Ministers demand online university staff live in remote town

Alberta’s governing United Conservative Party pursues a residency requirement for rural Athabasca University, raising fears of lost talent

May 20, 2022
Tie-down roper Logan Bird snags this calf to illustrate Ministers demand online university staff live in remote town
Source: Getty

Canada’s largest online university is hitting political complications as it tries to grow a more global audience, confronted by provincial demands to prioritise the institution’s importance as a rural employer.

The 43,000-student Athabasca University – headquartered nearly 200 miles (300km) north of Calgary – has long let most of its staff work remotely as it expanded its enrolment from Alberta to the rest of Canada and then abroad.

But now, as even more workers choose virtual options after the Covid pandemic, Alberta’s governing United Conservative Party has been moving to shore up its rural support by insisting that the university’s leaders and hundreds of staff live nearby.

The university should be understood as having a “dual purpose” of both higher education and job creation in the remote 3,000-person community of Athabasca, said the province’s minister for advanced education, Demetrios Nicolaides.

“I don’t think there’s an order of preference, or an order of superiority” between those two objectives, Mr Nicolaides told Times Higher Education.

Athabasca’s former president, Neil Fassina, moved out of the area in 2018 with most of his top staff. The current president, Peter Scott, is suggesting that he might do the same thing. Professor Scott took office in January, and in a note last month to the university community he rebutted promises by now-ousted premier Jason Kenney and Mr Nicolaides that they would rebuild the university’s in-person presence.

The university remains committed to its mission as Canada’s only public research-intensive institution that offers fully accredited online courses, Professor Scott said. The local community’s economic needs were worthy of attention, he said in the note. But he added: “The university will continue to prioritise the needs of our more than 43,000 learners worldwide by ensuring we continue to hire and retain the best and the brightest talent.”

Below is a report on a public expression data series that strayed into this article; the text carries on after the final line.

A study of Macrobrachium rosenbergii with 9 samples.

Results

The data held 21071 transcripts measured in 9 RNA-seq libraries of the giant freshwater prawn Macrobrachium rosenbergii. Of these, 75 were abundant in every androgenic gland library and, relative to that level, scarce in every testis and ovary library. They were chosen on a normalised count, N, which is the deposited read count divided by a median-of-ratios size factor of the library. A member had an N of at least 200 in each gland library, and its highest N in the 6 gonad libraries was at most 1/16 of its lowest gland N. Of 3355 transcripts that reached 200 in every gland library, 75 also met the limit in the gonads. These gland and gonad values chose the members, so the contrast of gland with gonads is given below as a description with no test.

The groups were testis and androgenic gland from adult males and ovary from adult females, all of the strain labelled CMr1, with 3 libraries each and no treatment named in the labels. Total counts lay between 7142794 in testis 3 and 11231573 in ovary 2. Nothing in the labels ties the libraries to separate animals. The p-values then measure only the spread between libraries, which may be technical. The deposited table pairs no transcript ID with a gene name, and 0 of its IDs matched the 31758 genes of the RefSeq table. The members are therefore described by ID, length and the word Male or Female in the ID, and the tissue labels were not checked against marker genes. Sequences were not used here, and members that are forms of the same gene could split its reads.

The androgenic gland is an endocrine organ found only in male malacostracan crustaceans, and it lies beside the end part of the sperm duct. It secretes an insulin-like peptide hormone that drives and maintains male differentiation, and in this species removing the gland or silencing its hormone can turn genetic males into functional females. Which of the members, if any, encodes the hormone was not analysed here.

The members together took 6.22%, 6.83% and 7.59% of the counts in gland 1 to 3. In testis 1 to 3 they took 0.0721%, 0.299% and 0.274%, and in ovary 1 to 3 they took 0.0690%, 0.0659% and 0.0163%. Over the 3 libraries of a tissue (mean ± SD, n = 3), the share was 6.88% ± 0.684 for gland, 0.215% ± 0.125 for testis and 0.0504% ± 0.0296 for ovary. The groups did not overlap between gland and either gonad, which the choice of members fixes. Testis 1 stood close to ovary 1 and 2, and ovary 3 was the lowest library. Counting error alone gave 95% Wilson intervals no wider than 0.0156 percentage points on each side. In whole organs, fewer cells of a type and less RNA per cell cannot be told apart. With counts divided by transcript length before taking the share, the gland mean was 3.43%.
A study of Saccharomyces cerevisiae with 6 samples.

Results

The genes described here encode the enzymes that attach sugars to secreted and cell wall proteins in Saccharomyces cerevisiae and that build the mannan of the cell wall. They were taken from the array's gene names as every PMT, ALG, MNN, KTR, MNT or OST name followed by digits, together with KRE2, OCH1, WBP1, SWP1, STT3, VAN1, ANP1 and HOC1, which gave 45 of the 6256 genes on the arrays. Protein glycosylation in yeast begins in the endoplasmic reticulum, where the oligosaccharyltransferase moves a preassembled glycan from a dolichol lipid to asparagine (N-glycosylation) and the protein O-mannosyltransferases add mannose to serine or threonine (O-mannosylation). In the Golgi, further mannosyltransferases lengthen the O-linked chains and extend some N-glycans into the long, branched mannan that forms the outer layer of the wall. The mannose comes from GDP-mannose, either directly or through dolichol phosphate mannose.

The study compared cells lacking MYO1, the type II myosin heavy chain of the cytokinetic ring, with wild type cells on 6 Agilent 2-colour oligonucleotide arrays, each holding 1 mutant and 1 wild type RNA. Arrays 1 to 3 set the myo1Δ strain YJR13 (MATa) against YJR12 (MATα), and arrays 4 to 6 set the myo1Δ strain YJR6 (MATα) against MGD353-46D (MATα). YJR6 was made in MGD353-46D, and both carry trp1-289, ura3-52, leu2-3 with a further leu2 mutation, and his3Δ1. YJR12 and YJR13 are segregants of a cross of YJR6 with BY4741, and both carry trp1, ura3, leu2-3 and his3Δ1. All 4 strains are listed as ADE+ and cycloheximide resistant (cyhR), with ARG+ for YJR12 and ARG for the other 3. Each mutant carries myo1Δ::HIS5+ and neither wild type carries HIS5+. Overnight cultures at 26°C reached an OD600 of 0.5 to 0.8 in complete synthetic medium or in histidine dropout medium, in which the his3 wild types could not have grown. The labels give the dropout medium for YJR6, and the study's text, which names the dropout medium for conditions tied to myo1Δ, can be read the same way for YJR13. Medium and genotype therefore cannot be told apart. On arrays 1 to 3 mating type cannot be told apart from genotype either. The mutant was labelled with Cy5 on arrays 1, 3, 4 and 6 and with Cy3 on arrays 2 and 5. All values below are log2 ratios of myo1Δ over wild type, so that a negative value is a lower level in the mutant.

Some experts agreed that hunts for top candidates for key university positions could suffer alongside a mandate for Athabasca residency.

“Many instructors with PhDs – and their partners – would not necessarily want to move to this small town with limited services and access to cultural institutions and the like,” said David Scott, an associate professor of education at the University of Calgary. “Thus it becomes very difficult to recruit high-quality faculty if there is a residency requirement.”

Marc Schroeder, an associate professor of mathematics and computing at Mount Royal University, viewed the Athabasca dispute as part of broader tension between the United Conservative Party and academia.

“University autonomy is an important principle to respect,” Professor Schroeder said, “and I don’t think the government should be trying to step in and micromanage.”

Athabasca University was founded in 1970, developed an early emphasis on distance learning, and was moved from Edmonton to Athabasca in 1984 to help promote rural job growth. Even then, the strategy was controversial, with the relocation leading to the resignations of the university’s president, a third of its professional staff and two-thirds of its support staff.

Most faculty still teach remotely, and the university’s Athabasca facility has largely housed just administrators and technical staff. Even before Covid, however, the Athabasca headquarters was experiencing another steady decline in the number of in-person staff, led by Dr Fassina. The number of top administrators working in Athabasca fell from 18 in 2016 to five in 2019. Only about 250 of the institution’s 1,200 employees now work in the town, down from about 300 before Covid.

“What I’m asking the university to do,” Mr Nicolaides said, “is just to continue doing what they’ve been doing for the past several decades.” Yet, he added: “I don’t agree with the assertion that government is meddling in the affairs of the institution.”


The Alberta Government doesn't appear to appreciate the very valuable resource it has with Athabasca University, and is damaging the reputation of the University, their government, and province, by suggesting the staff of a distance university can't live at a distance. I designed a course offed at Athabasca University, and am a graduate. I never visited the campus in Canada, in three years of study, but I did pay fees, contributing to Alberta's economy. My studies were on how to provide quality learning for international students, including during an emergency which kept them off campus. That was key to my being able to support students in Australia during the COVID-19 pandemic, and I am sure other graduates were key to supporting education across Alberta, and Canada. If Alberta doesn't want Athabasca University any more, perhaps it should move to another province, or country, where it would be welcome, and appreciated.